Somehow I never noticed that I work in a desert. Not an actual desert—those are filled with cacti, snakes, and other forms of life. My office is in a suburban-style neighborhood, surrounded by vast lawns, which, I recently discovered, are not good for much. Turf grass does not provide nectar to butterflies and bees, or perching spots for birds. In fact, just to be certain that our lawns are completely useless, we regularly burn fossil fuels to mow them.
All of this is painfully obvious to ecologists. But as a journalist who slept his way through high school biology class, the ecology of my suburban neighborhood did not come to my attention until a few months ago, when I started production on Urban Nature.
Urban Nature is a web video series, in which we look at coyotes, squirrels, migrating birds, monarch butterflies, and all of the charismatic creatures that we often like to celebrate. But in the series we also discover the unexpected ways in which unassuming species are eking out an existence at the fringes of cities.
On the side of the expressway are random patches of clover and dandelions, which are absorbing storm water and carbon dioxide. In vacant lots, there are non-native trees with dead branches, which are providing homes to squirrels and woodpeckers. And in the most polluted waterways, there are fish, water birds, and even the occasional beaver.
I have come to understand that this ragtag bunch of urban wildlife and habitat is downright useful—way more useful than the lawns surrounding my office.
Although I have lived in Chicago my entire adult life, I have never appreciated the less-than-pristine forms of nature that you tend to encounter in cities. That is not to say that I did not appreciate nature. But my relationship with the natural world was fairly similar to my relationship with champagne: it was something I reserved for special occasions. I would fly to Arizona or Patagonia, hike and camp for a week, and then come back to Chicago and turn my attention back to my computer screen.
My love of nature did not extend to city parks, pigeons, or invasive plants. It was a love I reserved for the kind of “pure” nature that I saw on my trip to Alaska. Sure there were roads there, and sure the glaciers were melting because of the carbon dioxide I was emitting on my daily commute in Chicago, but I did my best to avert my eyes from the heavy hand of humankind. If I squinted hard enough, I could imagine the unspoiled wildernesses that the Native Americans must have seen; a people who, I imagined, walked so gently on the earth that they did not even leave footprints. The idea of pure nature was my fetish, and my vacation pictures from Alaska were my pornography.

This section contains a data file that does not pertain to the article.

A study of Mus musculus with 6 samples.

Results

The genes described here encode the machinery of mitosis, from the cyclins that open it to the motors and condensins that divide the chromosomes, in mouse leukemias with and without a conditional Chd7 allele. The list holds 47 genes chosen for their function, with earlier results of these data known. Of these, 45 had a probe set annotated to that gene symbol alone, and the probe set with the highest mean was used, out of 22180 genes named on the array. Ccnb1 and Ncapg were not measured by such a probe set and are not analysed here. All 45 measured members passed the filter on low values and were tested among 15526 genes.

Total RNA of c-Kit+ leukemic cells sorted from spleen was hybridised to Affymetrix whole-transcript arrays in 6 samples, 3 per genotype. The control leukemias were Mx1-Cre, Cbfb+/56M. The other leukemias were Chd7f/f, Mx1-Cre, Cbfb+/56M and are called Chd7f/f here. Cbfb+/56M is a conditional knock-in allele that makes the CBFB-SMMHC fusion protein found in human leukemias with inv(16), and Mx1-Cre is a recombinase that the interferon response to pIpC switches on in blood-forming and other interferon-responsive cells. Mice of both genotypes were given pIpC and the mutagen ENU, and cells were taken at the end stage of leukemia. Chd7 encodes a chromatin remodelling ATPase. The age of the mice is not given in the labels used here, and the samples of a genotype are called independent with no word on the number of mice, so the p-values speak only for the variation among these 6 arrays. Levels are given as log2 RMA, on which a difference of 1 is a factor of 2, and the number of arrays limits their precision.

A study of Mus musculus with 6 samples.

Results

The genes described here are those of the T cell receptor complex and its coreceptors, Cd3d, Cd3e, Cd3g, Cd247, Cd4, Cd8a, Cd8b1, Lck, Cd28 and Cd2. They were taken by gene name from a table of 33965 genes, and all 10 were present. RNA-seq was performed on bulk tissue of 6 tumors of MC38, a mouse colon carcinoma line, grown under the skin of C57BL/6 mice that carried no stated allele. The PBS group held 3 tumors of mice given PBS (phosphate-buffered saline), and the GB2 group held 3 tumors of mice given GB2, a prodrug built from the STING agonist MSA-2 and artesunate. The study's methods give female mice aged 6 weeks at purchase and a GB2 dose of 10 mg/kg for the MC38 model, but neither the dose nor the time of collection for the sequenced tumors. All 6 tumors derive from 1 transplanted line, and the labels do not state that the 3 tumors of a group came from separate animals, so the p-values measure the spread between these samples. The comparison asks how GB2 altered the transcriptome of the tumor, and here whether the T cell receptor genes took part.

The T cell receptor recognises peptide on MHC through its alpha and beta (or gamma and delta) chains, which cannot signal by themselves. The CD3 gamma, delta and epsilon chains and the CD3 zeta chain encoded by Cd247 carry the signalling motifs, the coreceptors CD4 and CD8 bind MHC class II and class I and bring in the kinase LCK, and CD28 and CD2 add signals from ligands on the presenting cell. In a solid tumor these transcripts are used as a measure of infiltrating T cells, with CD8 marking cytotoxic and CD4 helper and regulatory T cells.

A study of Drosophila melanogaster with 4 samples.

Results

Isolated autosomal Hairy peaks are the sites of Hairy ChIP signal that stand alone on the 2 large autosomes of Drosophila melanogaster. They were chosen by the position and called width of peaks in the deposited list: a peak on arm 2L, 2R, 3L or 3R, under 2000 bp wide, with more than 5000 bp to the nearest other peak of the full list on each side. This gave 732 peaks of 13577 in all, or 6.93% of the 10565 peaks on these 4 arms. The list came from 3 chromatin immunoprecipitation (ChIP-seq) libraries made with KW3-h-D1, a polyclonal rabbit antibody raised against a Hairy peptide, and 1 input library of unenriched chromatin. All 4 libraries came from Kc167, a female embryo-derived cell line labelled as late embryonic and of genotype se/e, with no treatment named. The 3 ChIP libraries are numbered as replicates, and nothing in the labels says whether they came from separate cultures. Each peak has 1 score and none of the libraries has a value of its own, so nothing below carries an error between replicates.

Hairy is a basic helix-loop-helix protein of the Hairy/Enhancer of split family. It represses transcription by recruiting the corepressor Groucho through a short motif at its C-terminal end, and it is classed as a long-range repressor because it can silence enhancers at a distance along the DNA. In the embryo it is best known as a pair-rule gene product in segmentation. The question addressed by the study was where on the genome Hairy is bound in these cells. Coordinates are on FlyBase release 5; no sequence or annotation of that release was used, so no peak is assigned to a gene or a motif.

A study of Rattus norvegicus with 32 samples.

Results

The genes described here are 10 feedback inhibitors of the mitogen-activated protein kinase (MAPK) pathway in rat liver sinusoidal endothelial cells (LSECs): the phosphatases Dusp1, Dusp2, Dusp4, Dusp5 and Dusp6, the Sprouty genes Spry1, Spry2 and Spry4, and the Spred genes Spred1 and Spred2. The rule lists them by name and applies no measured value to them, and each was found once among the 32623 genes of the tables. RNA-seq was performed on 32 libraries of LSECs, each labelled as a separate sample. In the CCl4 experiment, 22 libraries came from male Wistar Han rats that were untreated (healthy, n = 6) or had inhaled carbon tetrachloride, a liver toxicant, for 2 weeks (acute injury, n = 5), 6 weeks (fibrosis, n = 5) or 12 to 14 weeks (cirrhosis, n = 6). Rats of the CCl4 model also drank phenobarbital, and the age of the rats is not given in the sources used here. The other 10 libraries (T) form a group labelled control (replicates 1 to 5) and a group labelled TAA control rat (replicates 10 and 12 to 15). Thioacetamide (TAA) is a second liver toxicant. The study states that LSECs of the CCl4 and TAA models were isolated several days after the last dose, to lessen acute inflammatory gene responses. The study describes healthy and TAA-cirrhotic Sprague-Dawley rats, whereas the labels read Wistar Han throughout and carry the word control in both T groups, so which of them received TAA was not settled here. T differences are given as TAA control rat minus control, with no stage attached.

Then I set out to produce the Urban Nature web series.
In a story about Central Park, I was shocked by the accidental ecology of America’s most famous urban park. There should not be any surprises there. Central Park has been carefully managed by human beings for 150 years, and it could not be more ecologically isolated: it is a verdant island surrounded by America’s most densely urbanized area, which is itself on the island of Manhattan. And yet migrating birds have dropped seeds in the park, and now a lovely, berry-producing plant called shadbush—not seen in New York for decades—has returned. Meanwhile, office-workers visiting the park on their lunch-breaks have tossed aside the leftovers of their lunches, and zucchini and raspberries have made surprise appearances in Central Park.
In a story about “daylighting” creeks in Berkeley, California, I learned about a centuries-old battle between humans and urban waterways. In the nineteenth century, we were so confident in our engineering might that we buried streams, which stood in the way of our development. For 100 years these waterways have flowed in culverts and sewers beneath our streets and homes, only to overflow occasionally during heavy storms. But now we are using bulldozers and modern science to bring these streams back aboveground, buoyed in part by a sense of nostalgia, and concerns for the increased flooding that has been brought on by climate change.
In a story about vacant lots I discovered that the 30,000-plus vacant lots in Chicago’s disadvantaged neighborhoods may be failures in the eyes of the real estate market, but they are triumphs of urban nature. These open spaces are filled with clover, burdock, and Queen Anne’s lace—plants that can be good for animals and good for us. And while the surrounding city streets, discarded tires, and urban poverty lacks the purity that I fetishized in Alaska, I can now muster the peace of mind to stop and enjoy these patches of God-forsaken open land.
My previous vision of ecology included complex relationships between microbes, flora, herbivores and carnivores—pure systems into which Homo sapiens might occasionally intrude.
Now I find myself appreciating the equally intricate web of life that my neighbors and I have woven on our block.
One neighbor planted a lovely, berry-producing tree, which attracted squirrels and mourning doves. Another neighbor left out his garbage, which lured rats. So city workers set out poison, which killed off the squirrels, but left the rat population intact. A series of disparate actions by a group of well-meaning people have created an urban ecosystem that is at once disgusting, bizarre, and gorgeous. And I have to admit that I enjoy watching it all unfold outside my window.
*All images reproduced here are screenshots from the web series Urban Nature.